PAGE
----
Results matter, not just teaching.



In the podcast transcript, the conversation revolves around the idea that results matter, not just teaching. The entrepreneur, who is also a fashion designer, discusses her experiences as a teacher and mentor, highlighting the importance of students taking action and implementing what they have learned.

The entrepreneur expresses her confidence in her fashion design skills, stating that she does not need validation in that area. She acknowledges that someone could criticize her designs, but she knows they are not bad. This confidence in her abilities is crucial in the creative industry, where self-belief and self-assurance are necessary to succeed.


However, the conversation takes a turn when the entrepreneur discusses her experience as a teacher and mentor. She mentions that many people have asked her to be their mentor and requested classes from her. Initially, she started a mentorship program and offered classes because of these requests. However, the conversation delves deeper into the fact that not everyone who expressed interest actually followed through with paying for the classes or implementing what they learned.


The entrepreneur expresses frustration with potential students wanting her classes to be cheap, despite the value and expertise she offers. She believes that her skills are equivalent to those taught in expensive fashion schools, which can cost tens of thousands of dollars. She charges $1,000 for her classes, which she believes is a fair price considering the potential earnings and the condensed timeframe in which she teaches the skills.


The conversation then shifts to the idea of being a good teacher. The entrepreneur confidently asserts that she is a great teacher based on the transformations she sees in her students and their positive feedback. However, the other person in the conversation challenges her definition of a good teacher, stating that a good teacher is someone who gets results.


The other person uses the example of teaching someone how to start a podcast. They argue that if a YouTube video on starting a podcast receives thousands of views and comments, but none of those viewers actually start a podcast, then it is the fault of the teacher for not effectively motivating and guiding their students.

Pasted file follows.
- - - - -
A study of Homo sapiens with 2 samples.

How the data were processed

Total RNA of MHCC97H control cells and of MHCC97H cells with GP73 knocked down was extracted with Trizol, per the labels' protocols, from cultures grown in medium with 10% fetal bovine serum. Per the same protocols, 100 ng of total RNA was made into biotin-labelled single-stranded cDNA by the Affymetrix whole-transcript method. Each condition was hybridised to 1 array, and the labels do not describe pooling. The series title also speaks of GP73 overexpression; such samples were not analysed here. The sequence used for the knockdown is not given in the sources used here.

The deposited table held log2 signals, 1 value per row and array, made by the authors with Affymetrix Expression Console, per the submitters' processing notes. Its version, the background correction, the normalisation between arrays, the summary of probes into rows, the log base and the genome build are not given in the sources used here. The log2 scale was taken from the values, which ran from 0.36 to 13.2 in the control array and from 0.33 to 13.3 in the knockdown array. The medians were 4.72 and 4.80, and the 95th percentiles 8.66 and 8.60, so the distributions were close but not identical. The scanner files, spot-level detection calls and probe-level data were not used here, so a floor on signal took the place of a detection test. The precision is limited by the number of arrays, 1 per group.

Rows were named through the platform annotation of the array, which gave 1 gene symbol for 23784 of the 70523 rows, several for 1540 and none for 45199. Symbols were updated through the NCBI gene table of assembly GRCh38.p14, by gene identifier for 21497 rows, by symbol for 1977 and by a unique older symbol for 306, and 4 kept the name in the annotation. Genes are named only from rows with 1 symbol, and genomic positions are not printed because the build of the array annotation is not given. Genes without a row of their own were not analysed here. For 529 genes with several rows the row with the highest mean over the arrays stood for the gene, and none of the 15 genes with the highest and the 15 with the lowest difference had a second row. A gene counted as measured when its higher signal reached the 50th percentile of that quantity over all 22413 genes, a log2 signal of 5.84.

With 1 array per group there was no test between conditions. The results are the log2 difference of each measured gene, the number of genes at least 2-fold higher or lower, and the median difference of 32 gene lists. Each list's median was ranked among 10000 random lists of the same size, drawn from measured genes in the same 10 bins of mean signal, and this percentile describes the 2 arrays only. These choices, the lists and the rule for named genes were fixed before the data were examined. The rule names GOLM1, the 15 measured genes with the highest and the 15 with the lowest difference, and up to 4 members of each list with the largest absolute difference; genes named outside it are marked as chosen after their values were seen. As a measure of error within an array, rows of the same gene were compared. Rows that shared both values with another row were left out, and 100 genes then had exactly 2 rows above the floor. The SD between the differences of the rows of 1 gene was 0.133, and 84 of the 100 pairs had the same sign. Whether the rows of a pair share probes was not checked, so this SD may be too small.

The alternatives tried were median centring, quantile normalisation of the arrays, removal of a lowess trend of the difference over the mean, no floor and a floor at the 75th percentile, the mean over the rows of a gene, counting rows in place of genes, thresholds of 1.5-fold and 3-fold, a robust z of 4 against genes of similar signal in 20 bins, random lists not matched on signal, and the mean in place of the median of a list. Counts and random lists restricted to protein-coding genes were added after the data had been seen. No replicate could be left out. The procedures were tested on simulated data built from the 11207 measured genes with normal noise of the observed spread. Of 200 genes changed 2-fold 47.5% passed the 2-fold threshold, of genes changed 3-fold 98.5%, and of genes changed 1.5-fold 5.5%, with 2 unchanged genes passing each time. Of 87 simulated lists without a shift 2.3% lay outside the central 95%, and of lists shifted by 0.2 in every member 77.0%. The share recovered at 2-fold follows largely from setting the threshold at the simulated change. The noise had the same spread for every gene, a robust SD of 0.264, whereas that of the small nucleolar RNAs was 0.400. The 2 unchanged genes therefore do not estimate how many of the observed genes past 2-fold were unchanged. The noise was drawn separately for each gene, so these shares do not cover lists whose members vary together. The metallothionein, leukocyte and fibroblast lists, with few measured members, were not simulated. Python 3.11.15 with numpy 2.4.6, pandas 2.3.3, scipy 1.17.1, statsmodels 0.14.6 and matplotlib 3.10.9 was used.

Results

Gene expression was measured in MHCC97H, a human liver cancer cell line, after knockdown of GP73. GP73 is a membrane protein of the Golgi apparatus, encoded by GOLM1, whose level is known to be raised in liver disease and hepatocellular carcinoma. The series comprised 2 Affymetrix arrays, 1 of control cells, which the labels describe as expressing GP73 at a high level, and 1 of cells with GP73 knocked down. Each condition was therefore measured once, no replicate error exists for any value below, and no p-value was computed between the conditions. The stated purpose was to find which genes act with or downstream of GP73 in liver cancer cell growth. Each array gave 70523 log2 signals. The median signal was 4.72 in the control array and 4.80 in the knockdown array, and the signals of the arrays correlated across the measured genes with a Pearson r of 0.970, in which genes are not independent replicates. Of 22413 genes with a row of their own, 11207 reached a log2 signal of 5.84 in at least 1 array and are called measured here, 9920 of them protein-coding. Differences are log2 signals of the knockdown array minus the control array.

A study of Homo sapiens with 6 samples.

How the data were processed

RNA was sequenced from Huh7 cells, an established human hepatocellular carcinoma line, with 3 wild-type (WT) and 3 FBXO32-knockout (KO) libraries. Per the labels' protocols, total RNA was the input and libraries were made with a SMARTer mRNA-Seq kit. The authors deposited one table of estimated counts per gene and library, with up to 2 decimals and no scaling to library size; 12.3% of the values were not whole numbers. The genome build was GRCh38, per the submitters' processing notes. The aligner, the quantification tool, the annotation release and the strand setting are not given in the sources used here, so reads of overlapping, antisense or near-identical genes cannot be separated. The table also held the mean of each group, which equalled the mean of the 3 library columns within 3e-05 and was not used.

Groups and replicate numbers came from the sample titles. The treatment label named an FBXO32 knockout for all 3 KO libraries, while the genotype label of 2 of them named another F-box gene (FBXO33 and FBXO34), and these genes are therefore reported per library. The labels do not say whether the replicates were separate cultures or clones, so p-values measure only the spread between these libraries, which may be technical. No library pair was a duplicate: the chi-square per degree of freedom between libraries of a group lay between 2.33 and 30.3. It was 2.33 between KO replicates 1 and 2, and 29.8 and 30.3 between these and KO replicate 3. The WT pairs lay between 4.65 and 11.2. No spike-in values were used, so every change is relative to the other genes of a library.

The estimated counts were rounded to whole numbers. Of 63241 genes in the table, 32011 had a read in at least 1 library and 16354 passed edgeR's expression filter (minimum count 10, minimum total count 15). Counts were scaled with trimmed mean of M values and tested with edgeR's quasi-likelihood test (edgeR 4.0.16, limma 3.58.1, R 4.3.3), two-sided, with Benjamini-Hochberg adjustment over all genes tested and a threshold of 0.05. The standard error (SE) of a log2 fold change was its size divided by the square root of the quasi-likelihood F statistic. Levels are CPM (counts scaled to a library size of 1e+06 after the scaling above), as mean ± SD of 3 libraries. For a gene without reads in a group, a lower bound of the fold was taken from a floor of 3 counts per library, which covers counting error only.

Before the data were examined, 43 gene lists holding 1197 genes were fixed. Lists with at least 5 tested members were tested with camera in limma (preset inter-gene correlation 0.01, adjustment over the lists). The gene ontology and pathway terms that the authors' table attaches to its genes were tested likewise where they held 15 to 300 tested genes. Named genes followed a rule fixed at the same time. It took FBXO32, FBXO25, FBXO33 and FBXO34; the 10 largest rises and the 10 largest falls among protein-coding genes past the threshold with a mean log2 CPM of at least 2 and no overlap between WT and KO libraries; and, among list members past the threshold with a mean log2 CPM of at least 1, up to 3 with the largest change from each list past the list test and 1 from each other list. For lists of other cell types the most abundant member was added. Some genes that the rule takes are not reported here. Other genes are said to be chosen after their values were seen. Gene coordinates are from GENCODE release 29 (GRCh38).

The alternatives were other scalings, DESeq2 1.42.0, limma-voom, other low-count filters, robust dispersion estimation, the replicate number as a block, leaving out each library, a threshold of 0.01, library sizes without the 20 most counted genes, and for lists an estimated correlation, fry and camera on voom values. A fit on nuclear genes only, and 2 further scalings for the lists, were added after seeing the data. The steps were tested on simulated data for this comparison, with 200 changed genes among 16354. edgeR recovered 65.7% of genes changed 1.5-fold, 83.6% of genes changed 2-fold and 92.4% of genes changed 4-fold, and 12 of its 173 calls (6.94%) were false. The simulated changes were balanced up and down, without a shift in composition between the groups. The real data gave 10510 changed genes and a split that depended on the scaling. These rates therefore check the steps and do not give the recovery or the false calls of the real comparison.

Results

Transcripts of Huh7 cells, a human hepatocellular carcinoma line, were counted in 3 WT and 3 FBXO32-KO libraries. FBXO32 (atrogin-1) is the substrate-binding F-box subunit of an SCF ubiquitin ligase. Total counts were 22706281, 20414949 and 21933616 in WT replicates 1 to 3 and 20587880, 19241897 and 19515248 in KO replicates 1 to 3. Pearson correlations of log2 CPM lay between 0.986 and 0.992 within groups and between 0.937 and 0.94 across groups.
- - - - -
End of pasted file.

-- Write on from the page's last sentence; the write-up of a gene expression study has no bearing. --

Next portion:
The entrepreneur counters this argument by stating that it is ultimately up to the students to put in the work and implement what they have learned. She shares her own experience of learning from her mentor and then putting in the work to showcase her skills, which led to opportunities and recognition. She believes that if her students have learned the skill but choose not to put it into practice, it is not her fault as a teacher.


The conversation concludes with a broader critique of the coaching industry, where teaching is often seen as the main service provided. However, the other person argues that teaching alone is not enough. A good teacher should be able to motivate and guide their students to take action and achieve results. They use the example of a personal trainer who can teach exercises but also needs to find ways to get their clients to actually go to the gym.


In conclusion, the podcast conversation highlights the importance of results, not just teaching. While teaching is essential, it is the ability to motivate and guide students to take action and achieve their goals that truly defines a good teacher. The entrepreneur in the conversation recognizes this distinction and believes that her students' lack of implementation is not her responsibility as a teacher. This discussion sheds light on the challenges faced by teachers and mentors in various industries and emphasizes the need for both teaching and inspiring action to achieve desired results.